Petting a small mammal companion is one of the joys of ownership. Numerous studies of dogs, cats, and other animals have established the benefits of petting for owners and pets. Of course, this assumes that the petting is done in an acceptable way. Guinea pigs are individuals with their own personal preferences about being petted, and they often give signals about when you’ve rubbed the right spot or the wrong one.
Before Petting Your Guinea Pig
Guinea pigs are prey animals. This means they instinctively fear any perceived predator, and this could include you, unless you take time to build trust with your furry pal. If you’ve shared your life with your guinea pigs for a while already, then likely they are already acclimated to their new home and are socialized to you. If your guinea pigs are new additions to your life, give them a week or so to get used to their new home and you. Take time to put your hand in their cage occasionally and let them come over to it, or to sit or lie on the floor in a large exercise pen with them and let them approach you. Once they trust and accept you, then move on to petting.
Guinea Pig Petting Spots
This means that you’ve got some experimenting to do. Some general rules to follow until you learn what your guinea pigs like:
- Be gentle and move slowly. Pet using only a single finger or maybe two.
- Always alert a guinea pig that you are going to start petting; don’t sneak up on them or pet a sleeping guinea pig.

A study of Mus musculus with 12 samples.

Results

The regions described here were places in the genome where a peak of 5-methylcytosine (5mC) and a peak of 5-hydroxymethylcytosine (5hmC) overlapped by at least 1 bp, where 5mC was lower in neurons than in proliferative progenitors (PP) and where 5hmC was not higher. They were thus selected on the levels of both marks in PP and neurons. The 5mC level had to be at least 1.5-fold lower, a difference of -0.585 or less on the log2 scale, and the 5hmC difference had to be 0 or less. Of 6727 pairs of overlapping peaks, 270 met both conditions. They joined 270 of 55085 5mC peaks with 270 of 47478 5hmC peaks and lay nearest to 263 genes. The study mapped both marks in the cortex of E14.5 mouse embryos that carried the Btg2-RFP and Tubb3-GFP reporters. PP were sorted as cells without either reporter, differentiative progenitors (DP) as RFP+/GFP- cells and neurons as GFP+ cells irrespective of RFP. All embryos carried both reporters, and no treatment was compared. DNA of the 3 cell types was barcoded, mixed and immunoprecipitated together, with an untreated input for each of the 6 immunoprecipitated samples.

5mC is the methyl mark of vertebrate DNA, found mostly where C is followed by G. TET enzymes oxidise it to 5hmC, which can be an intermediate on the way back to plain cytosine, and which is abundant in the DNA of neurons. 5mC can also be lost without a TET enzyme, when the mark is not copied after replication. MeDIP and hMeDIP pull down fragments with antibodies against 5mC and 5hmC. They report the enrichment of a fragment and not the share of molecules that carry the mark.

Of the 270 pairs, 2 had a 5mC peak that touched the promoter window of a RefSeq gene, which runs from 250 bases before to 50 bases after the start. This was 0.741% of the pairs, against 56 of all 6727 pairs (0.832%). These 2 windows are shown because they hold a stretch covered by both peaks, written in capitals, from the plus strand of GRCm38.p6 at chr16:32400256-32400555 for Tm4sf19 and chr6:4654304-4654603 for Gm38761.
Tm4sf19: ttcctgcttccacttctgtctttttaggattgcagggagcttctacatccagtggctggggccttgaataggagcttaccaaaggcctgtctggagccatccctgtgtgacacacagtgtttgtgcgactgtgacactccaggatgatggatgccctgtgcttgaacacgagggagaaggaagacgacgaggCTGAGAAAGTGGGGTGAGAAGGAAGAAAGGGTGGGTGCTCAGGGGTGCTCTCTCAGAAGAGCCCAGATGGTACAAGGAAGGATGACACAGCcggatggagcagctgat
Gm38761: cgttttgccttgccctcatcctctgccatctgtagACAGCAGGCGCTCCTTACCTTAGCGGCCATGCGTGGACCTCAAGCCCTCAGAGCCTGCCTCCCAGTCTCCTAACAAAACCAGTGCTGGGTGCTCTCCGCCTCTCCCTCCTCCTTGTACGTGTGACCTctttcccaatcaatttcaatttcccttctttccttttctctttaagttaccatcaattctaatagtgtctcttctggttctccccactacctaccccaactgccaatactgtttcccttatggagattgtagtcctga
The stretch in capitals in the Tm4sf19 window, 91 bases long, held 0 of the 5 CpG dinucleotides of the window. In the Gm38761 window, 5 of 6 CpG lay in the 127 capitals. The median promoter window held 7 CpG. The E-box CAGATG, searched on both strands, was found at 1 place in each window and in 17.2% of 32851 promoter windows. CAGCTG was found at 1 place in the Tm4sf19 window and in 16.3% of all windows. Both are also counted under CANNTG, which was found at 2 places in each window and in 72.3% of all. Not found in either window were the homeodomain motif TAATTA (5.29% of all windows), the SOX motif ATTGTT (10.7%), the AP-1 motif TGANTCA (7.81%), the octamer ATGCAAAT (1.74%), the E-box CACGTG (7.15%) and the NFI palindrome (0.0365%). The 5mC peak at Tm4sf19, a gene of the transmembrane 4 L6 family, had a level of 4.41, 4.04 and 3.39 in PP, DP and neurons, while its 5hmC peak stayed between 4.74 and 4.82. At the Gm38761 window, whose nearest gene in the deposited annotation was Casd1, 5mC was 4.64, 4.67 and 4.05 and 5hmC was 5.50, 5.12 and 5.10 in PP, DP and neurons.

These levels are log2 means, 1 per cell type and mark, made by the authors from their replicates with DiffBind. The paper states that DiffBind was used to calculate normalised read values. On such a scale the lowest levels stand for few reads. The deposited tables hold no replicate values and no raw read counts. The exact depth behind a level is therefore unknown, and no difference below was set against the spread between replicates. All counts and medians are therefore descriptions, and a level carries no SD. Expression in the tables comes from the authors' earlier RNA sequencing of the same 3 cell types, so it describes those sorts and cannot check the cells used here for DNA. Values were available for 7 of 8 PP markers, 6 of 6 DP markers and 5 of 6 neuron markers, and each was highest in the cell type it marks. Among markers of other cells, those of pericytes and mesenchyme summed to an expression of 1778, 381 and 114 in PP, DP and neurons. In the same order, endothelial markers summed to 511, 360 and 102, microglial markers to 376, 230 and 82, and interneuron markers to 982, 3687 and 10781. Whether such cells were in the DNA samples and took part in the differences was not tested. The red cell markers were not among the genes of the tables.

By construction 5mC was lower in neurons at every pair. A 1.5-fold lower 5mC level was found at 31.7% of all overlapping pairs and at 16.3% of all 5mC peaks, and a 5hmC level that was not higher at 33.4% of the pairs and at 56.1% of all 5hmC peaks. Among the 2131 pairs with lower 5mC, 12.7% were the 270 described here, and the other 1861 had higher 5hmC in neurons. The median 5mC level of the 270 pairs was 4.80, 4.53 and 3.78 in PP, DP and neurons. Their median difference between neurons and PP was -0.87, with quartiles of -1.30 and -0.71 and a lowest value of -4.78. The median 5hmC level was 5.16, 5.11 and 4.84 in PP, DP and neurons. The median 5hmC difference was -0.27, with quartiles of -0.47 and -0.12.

- Never chase a guinea pig so you can pet them.
- Pet in the direction the fur grows.
- Start by petting the head or under the chin. The feet and underside are usually areas to avoid, and the back might even be an area to avoid. Observe your guinea pig’s body language and listen to vocalizations for clues about how he or she feels.
- Keep petting sessions brief in the beginning until you know how your guinea pigs react.
- If a guinea pig walks away from petting, that’s a signal to stop.
Safety While Petting Guinea Pigs
Where you pet a guinea pig on his or her body is important for comfort. Where a guinea pig is at the time you pet him or her is important for safety. Guinea pigs should always be on a stable surface before you attempt petting. This often means in the cage, on the floor, or on your lap. Never pet your guinea pig at a place where your friend might fall, such as a table edge. You can’t predict whether your guinea pig might popcorn or execute another quick movement that could end in a fall. Petting while carrying your guinea pig in your arms could be risky because both hands should be busy holding your guinea pig.
Your guinea pigs need a spot where they feel completely safe, so place some hideaways in your guinea pigs’ enclosure. Ideally, include one more than the guinea pigs who live there. Don’t pet a guinea pig who is in a hideaway. Let your guinea pigs have a retreat where they won’t be disturbed.
Note: A visit to the veterinary might be needed if you know that your guinea pig enjoys a good ear rub or chin tickle, and suddenly your little friend objects to being touched there. As guinea pigs age their favorite petting spots might change, but a sudden change might be a sign of a hidden medical issue.